Chris Davis Needs His Walk-Off Homer to Be Major 2014 Turning Point


Fortunately for Davis, baseball has that one rule that allows managers to use pinch hitters.

The Orioles entered the bottom of the ninth inning of Monday's contest trailing the Chicago White Sox by a score of 4-3. With two on and one out, Buck Showalter called on Davis to pinch hit for Delmon Young against White Sox closer Ronald Belisario.

After working the count to 3-2, Davis caught hold of a pitch and sent it out to right field for a three-run, walk-off homer that gave the Orioles a 6-4 win and set the crowd at Oriole Park at Camden Yards on a roar.

It looked like this:

Courtesy of MLB Advanced Media via MLB.com.

The win was Baltimore's third in a row to run its record to 40-35, and it allowed the Orioles to remain 1.5 games behind the Toronto Blue Jays in the AL East.

In all, not a bad day at the office for a guy who began the game on the bench. Showalter started Steve Pearce at first base instead, which made sense given that Pearce has been hot while Davis, well, hasn't.

Pearce entered Monday's game on a string of five straight two-hit games and with a 1.164 OPS in June. As for Davis—aka the guy who launched 53 homers with a 1.004 OPS in 2013—he entered with a .565 OPS over his last 25 games, a cold stretch that dropped his 2014 OPS from .892 down to .749.

Put simply: Davis had been sucking.

Hey, his words. As told to Eduardo A. Encina of The Baltimore Sun:

The hope now, obviously, is that Davis' big walk-off homer will be a turning point.

That's what the Orioles need it to be, as the "Crush" Davis they've come to know would certainly be useful in keeping pace in the tightly packed AL East. Bit it's also true for Davis himself, as he's a guy who needs to keep alive the notion that he's deserving of a big payday with free agency looming after 2015.

As for whether Davis' big homer will be a turning point, the best we can do is say "Maybe" in an optimistic tone.

One reason for optimism is that you never know when a big hit is going to give a guy a confidence boost. And going off what Davis had to say about benching, it sure sounds like he needed one of those.

A slightly more tangible reason for optimism is that Davis just might have fixed something with his approach at the plate when he sent Belisario's pitch sailing through the Baltimore night. This has to do with the kind of pitch it was. 

Per the naked eye and Brooks Baseball, it was a slider that Davis hit out. Sliders are from the breaking ball genus, and that's one that Davis has been having a ton of trouble with in 2014.

Here, look at this:

Chris Davis vs. Breaking Balls
Span Pitches AVG SLUG AB/HR
Through 2012 1,619 .232 .449 62.3
2013 617 .303 .680 38.6
2014 226 .138 .345 56.5

Brooks Baseball

Regarding what Davis was against breaking balls before 2013, Grantland's Jonah Keri put it well when he called Davis a "real-life Pedro Cerrano." He couldn't hit breaking balls.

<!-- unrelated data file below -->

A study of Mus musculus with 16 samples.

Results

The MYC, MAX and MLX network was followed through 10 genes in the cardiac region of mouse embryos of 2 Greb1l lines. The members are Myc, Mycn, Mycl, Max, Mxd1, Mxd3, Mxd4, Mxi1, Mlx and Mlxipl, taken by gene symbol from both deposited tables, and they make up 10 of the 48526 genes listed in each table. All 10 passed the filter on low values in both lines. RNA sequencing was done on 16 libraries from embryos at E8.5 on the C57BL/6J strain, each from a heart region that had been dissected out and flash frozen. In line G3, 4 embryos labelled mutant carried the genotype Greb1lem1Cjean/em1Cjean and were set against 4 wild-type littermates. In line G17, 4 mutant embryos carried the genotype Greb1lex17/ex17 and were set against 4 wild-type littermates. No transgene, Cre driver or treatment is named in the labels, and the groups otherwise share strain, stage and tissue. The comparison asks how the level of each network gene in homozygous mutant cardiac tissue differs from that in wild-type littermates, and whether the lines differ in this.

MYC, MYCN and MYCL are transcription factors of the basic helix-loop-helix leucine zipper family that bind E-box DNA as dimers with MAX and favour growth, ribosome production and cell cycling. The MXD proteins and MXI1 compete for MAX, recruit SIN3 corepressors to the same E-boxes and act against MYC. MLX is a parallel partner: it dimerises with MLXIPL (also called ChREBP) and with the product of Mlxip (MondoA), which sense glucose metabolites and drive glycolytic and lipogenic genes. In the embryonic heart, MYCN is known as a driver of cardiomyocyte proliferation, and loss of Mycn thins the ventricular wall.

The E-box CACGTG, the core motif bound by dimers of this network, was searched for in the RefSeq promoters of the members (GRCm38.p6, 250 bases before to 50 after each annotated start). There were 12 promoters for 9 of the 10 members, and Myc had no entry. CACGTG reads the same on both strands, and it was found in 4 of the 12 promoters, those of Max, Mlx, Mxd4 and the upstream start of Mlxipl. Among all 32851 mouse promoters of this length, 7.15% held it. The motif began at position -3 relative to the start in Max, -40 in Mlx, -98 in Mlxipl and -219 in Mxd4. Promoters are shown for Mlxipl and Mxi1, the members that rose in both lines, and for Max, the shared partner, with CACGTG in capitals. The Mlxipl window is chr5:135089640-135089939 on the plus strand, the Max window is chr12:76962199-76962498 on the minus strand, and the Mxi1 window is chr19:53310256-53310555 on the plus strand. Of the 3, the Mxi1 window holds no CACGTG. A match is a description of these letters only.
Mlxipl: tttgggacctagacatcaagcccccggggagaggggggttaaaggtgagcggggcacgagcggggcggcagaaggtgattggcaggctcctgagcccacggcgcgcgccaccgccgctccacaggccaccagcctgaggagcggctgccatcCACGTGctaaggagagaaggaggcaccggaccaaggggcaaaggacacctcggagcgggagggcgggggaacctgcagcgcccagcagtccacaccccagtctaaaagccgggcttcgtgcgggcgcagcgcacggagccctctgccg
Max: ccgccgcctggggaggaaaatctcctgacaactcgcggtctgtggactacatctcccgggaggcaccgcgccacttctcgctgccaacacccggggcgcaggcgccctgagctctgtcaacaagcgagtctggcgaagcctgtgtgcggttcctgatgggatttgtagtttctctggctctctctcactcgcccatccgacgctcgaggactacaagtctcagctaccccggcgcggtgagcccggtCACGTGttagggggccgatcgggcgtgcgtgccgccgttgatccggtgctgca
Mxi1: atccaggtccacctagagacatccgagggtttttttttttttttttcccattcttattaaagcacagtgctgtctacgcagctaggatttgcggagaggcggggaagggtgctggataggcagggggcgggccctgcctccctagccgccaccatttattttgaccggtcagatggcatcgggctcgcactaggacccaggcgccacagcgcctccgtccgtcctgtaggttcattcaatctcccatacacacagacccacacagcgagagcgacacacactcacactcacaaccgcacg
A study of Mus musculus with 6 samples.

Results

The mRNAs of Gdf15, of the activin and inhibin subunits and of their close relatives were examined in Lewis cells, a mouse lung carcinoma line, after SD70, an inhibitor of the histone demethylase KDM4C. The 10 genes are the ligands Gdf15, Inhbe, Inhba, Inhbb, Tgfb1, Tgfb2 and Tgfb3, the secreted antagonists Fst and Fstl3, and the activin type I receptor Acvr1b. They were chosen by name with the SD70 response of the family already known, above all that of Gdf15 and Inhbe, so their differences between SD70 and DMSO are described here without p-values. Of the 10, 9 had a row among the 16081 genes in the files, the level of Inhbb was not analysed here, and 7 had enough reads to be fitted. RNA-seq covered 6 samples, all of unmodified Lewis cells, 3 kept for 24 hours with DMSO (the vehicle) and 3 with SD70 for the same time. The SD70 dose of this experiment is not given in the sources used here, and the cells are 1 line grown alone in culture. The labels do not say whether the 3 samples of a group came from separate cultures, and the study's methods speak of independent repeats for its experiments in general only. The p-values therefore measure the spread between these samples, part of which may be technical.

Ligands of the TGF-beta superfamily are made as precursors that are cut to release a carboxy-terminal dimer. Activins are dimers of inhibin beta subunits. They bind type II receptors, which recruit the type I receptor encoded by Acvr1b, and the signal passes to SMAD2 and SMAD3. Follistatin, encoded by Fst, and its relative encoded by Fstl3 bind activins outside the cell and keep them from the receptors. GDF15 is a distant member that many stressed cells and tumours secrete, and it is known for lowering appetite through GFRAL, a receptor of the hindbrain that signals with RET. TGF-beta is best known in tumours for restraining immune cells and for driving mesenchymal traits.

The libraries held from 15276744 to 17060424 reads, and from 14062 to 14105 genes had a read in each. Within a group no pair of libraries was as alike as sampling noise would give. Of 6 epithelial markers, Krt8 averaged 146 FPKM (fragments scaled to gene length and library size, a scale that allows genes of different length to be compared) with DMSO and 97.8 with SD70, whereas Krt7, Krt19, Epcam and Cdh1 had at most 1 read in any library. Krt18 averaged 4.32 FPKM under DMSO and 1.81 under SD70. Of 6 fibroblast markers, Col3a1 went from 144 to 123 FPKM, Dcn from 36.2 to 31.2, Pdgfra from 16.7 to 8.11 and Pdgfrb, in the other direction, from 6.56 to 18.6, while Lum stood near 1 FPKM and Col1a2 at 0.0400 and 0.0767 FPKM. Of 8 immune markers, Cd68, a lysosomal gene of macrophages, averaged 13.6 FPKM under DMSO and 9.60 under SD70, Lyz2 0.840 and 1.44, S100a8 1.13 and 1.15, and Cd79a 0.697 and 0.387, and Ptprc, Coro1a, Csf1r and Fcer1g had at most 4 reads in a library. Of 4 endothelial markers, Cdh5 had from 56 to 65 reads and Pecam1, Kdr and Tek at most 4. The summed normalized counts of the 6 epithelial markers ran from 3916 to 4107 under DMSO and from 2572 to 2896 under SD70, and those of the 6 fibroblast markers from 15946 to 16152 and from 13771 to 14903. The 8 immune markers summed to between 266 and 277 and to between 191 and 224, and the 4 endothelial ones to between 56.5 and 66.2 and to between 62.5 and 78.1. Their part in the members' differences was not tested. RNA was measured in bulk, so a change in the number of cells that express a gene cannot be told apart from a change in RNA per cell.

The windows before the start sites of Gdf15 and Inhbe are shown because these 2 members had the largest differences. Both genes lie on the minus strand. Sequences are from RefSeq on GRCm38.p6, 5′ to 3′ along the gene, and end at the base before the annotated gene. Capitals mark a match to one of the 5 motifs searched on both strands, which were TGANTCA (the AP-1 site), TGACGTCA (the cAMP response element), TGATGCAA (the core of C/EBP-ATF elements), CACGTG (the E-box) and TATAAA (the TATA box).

Until he all of a sudden could, of course. But after mashing them in 2013, Davis has once again had a very tough time with them in 2014. And the problem was especially bad in his 25-game cold stretch, as he hit .042 against breakers with a .167 slugging percentage.

Keri's article had a couple of GIFs in it that showed how Davis' struggles against breaking pitches could be chalked up to poor pitch recognition and mechanics. Most noticeable of all was how he couldn't keep his hips closed. His front hip would fly open and a wild swing would ensue.

That's part of the beauty of Davis' dinger Monday night. Check out the position of his hips as the pitch neared home plate:

Image courtesy of MLB Advanced Media via MLB.com.

Yeah, that's what we want to see on breaking balls. No wonder Davis hit it out.

There is one catch, though.

The pitch that Davis hit out was clocked at 87 miles per hour. According to BaseballSavant.com, Davis owns a .288 average against pitches clocked at 87 or higher this season. That's compared to an .098 average on pitches clocked at 86 and slower. So rather than "complete victory," a better term for his dinger would be "progress."

Still, progress will do for, um, progress. And if progress begets more progress, Davis could soon become one of the American League's most dangerous hitters once again and make a lot of people happy in doing so.

The Orioles would be happy because the return of "Crush" Davis is a potential game-changer in their postseason chase. For example, you can look to how, according to FanGraphs, they wasted a 3.67 ERA over the last 30 days by pairing it with middle-of-the-road offense and think, "Man, what if?"

Perhaps we'll get a chance to find out over the next 30 days, and beyond.

Then there's Davis himself. There are no guarantees that the Orioles will rush to sign him to an extension if he finishes 2014 on a strong note, but you never know. The Orioles could finally be free of Nick Markakis' $66 million contract, and Nelson Cruz departing would render them in need to lock up a power bat for the future.

To that end, who would be better than the guy who hit 53 homers and came alive to save their bacon in 2014?

For at least a moment on Monday night, Chris Davis was "Crush" Davis again. If he's able to stay "Crush" Davis, there's much to be gained.

 

Note: Stats courtesy of Baseball-Reference.com, unless otherwise noted/linked.